Make Up For Sport
Hi friends! Just a quick post as I’m actually still sat in my pyjamas and really need to go hop in the shower and get this day started properly. I sat down with my tea and toast this morning and decided to do a quick edit of my footage from the Women’s Mountain Bike Social Ride at Scadson this weekend whilst I ate my breakfast, but I’m still here two hours later.
As today is a ‘rest day,’ which is a fully sanctioned day off training, I intend to actually pick out something nice to wear and make myself feel good.
I spend large amounts of time training, sometimes twice a day if I’ve a bike ride and then the gym or yoga, so I spend a lot of the time switching between lycra and a pair of sweatpants. I also work from home – alone and on a lap top – so generally feel that there’s barely any point in even brushing my hair, let alone putting on make up and I just dress is whatever is to hand as I know that once I’m done with the computer I’ll just stick on a helmet and go out on my bike.
Whilst I’m all for an easy life, I’ve noticed that this way of doing things doesn’t always make me feel great. Self care is important and I think that sometimes, neglecting to make any effort to make myself feel good by wearing nice clothes and putting on some make up is a false economy. Taking a little bit of time on myself makes me feel ready for the world, cheers me up and give me confidence. Surely, that’s time well spent?
As my friend Stef Nurding said,
“Sometimes it’s the things you do to the outside that make you feel good on the inside.”
As a woman who has spent much of her life participating in sports (many of them male dominated – skateboarding, BMX, snowboarding, cycling) I’ve always had an uneasy relationship with my appearance and what I should and shouldn’t care about. Make up can be really unfairly judged, wearing it a sign that you somehow care less about your sport than someone who doesn’t, that you’re somehow more vacuous and less serious. And sadly, it can sometimes be women making that very judgement of their own peers.
I think that sometimes, in an effort to be taken seriously women in sport feel that they should jettison any frivolity; certainly I’ve felt like that before. In the past (and still in some circles, sadly) being ‘like a girl’ was seen as something negative so any more feminine tendencies tended to be parked squarely at the door.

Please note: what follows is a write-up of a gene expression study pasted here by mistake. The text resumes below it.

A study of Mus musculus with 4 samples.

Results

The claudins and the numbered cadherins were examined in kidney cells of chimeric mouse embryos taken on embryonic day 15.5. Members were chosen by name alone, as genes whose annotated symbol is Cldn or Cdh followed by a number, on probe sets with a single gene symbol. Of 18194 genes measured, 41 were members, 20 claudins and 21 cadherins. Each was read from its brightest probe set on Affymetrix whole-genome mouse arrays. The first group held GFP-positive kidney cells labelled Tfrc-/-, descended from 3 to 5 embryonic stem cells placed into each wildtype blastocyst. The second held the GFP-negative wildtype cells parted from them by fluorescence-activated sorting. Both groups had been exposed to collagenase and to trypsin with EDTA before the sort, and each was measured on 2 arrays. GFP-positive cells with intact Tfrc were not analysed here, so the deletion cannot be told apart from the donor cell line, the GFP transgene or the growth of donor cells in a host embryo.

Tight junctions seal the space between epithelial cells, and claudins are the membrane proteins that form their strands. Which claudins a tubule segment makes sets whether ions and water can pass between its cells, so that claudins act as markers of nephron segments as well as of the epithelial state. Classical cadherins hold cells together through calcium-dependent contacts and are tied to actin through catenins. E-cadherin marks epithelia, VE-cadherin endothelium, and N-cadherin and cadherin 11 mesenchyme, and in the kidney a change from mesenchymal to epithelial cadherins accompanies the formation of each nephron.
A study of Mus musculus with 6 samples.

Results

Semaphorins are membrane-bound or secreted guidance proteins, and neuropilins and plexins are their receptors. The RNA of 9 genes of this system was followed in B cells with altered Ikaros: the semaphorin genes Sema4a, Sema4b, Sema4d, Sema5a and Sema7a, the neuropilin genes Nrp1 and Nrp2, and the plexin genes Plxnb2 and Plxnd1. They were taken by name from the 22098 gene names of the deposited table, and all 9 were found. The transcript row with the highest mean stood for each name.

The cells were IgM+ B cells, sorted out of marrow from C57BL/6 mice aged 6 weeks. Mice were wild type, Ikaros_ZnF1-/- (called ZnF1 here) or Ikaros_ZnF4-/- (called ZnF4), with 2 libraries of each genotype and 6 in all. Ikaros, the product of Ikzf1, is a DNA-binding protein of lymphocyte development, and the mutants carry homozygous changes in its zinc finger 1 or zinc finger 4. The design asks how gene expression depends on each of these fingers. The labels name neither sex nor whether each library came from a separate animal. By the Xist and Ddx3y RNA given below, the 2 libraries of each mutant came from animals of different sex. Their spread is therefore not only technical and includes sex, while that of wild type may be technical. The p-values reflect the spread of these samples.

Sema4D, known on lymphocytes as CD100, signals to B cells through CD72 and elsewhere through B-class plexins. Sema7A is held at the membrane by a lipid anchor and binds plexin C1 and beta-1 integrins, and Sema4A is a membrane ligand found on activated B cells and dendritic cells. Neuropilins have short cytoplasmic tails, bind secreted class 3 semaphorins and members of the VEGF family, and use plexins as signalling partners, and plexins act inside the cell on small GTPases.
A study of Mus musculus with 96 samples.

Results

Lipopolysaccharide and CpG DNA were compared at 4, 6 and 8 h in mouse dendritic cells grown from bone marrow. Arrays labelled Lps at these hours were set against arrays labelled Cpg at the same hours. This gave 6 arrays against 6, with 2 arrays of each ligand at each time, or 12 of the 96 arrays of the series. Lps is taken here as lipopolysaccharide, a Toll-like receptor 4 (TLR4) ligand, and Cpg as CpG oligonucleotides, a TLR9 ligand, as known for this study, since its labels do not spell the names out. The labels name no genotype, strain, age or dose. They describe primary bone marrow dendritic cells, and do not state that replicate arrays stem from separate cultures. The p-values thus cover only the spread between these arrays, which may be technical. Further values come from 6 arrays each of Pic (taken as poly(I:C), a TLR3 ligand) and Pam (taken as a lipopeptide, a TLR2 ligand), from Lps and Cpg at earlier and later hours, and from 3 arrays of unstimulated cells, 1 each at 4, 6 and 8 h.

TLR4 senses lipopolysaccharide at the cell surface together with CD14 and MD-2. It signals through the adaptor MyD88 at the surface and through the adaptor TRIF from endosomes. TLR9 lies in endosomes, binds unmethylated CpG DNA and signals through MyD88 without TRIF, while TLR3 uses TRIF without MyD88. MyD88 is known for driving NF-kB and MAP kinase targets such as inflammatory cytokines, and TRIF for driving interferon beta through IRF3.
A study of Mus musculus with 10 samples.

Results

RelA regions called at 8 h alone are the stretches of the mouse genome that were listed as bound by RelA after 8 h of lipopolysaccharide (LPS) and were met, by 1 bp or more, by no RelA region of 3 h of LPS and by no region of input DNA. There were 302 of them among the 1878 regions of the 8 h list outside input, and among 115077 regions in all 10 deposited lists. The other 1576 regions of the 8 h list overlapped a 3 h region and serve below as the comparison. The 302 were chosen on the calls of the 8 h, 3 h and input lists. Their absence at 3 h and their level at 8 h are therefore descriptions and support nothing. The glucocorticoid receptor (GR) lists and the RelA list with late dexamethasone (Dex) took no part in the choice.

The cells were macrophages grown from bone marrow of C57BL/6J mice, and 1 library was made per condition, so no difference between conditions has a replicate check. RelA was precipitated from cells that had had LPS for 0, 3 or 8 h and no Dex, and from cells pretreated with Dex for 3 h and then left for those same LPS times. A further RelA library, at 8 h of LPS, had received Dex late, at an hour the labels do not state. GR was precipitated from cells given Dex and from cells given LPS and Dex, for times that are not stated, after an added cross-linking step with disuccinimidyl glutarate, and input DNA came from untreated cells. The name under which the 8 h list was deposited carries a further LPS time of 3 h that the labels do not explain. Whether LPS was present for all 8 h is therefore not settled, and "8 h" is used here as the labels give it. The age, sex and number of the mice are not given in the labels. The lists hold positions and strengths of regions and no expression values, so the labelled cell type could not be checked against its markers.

Another problem is the fear of misinterpretation. As the sole female in a group, women can be wary of dressing up and putting on make up in case it’s seen as a sign they’re doing so because they are interested in one of the men. No one ever wants people to think they’re there to hook up rather than focus on their sport. Sometimes, it feels easier to just blend in and try and be ‘one of the boys.’
I believe that in order to keep young girls interested in sport, we need to show them that every kind of girl can (and should) be involved, and that liking fashion and using hair straighteners is compatible with sport. You can ride BMX and read Cosmo.
I do think we’re seeing some progress. Looking at the world of skateboarding, it’s a relief to see women presenting themselves however they damn please, whether that be by shaving their heads, wearing a tutu or just not giving a hoot about anything except landing their next kick flip.
So though I’ll never be one for spending hours on my hair as I don’t have a clue what to do with it (other than plait it or stick it in a bun) sometimes I put on eyeliner just to go mountain biking. That doesn’t mean I care any less about bikes than if I went there barefaced and I’m not doing it to impress other people, I’m doing it to because it sometimes it helps me feel good about myself. If it’s ok to care about how your bike looks, matching your kit and components, why can’t we care about ourselves too?
Today, I’m going to pick out an outfit chosen entirely on the way it looks, rather than how practical it is. I’m gonna dance about the house listening to ridiculous music and paint my nails. And I’m going to celebrate how privileged I am to be able to do that.